Posted by Bangzkie Thursday, April 12, 2012
Trachyspermum ammi, commonly known as ajowan, bishop's weed, ajwain, ajowan caraway, carom seeds, or thymol seeds, is a plant of India and the Near East whose seeds are used as a spice.
The plant has a similarity to parsley. Because of their seed-like appearance, the fruit pods are sometimes called seeds; they are egg-shaped and grayish in colour. Ajwain is often confused with lovage seed; even some dictionaries mistakenly state ajwain comes from the lovage plant.
Raw ajwain smells almost exactly like thyme because it also contains thymol, but is more aromatic and less subtle in taste, as well as slightly bitter and pungent. Even a small amount of raw ajwain will completely dominate the flavor of a dish. In Indian cuisine, ajwain is almost never used raw, but either dry-roasted or fried in ghee or oil. This develops a much more subtle and complex aroma, somewhat similar to caraway but "brighter". Among other things, it is used for making a type of parantha, called ajwain ka parantha.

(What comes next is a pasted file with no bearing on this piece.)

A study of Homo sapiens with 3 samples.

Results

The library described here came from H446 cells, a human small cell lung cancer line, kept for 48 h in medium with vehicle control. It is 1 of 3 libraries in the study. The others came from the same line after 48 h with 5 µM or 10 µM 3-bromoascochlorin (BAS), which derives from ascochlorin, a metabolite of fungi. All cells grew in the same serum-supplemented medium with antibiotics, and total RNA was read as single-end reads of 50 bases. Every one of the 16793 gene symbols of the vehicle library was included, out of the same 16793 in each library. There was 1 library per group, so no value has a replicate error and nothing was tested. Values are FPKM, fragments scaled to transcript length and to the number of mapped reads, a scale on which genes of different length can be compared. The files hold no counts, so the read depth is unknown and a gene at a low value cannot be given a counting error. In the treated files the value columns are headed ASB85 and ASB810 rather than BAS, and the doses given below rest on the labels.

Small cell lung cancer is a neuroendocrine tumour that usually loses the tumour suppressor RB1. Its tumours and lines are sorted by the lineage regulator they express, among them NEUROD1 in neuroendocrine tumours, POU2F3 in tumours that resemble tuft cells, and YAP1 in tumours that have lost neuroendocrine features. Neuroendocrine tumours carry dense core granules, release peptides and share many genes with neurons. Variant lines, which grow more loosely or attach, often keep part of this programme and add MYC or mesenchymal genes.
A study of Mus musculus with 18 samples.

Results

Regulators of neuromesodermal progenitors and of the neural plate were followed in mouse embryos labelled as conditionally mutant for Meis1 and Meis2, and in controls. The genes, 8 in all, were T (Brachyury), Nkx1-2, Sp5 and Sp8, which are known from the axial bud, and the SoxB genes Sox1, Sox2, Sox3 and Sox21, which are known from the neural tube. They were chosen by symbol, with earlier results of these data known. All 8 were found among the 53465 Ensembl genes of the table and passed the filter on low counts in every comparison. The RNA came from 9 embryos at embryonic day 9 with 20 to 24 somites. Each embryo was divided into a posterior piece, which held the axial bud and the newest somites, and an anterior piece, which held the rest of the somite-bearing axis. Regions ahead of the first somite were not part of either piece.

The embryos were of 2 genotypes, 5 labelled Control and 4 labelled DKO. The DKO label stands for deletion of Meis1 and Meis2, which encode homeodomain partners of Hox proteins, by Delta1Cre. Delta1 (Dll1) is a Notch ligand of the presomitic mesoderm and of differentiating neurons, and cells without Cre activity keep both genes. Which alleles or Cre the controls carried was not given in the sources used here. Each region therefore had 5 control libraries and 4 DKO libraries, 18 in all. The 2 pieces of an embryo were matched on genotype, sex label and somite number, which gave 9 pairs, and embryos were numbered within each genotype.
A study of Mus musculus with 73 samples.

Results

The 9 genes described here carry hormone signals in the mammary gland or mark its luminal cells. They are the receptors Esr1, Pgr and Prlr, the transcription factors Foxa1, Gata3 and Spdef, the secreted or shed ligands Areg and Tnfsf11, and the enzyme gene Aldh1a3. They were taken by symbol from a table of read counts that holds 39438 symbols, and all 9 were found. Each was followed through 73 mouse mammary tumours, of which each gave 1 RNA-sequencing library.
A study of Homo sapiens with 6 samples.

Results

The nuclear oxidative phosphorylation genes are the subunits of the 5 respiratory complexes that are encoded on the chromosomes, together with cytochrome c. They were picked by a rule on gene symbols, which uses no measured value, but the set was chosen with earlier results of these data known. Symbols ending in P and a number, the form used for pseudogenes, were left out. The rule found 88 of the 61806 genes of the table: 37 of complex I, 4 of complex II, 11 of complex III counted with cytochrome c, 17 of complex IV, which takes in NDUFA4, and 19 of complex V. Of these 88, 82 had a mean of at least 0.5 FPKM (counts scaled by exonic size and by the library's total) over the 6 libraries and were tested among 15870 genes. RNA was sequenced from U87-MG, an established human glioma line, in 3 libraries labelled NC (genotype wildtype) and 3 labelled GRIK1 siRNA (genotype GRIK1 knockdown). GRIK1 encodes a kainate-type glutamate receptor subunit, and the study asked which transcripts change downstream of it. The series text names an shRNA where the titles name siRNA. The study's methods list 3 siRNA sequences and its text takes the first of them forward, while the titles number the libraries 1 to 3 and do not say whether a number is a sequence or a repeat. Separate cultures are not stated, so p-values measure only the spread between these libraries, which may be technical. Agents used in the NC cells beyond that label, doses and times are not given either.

It is also traditionally known as a digestive aid, a relief for abdominal discomfort due to indigestion and an antiseptic. In southern parts of India, dry ajwain seeds are powdered and soaked in milk, which is then filtered and fed to babies. Many assume it relieves colic in babies, and for children it also improves digestion and appetite. Ajwain can be used as digestive mixture in large animals.In India, it is often added to heavy fried dishes to aid digestion. A study conducted using the essential oil suggests that it has some use in the treatment of intestinal dysbiosis. Its benefit comes from being able to inhibit the growth of undesired pathogens while not adversely affecting the beneficial flora.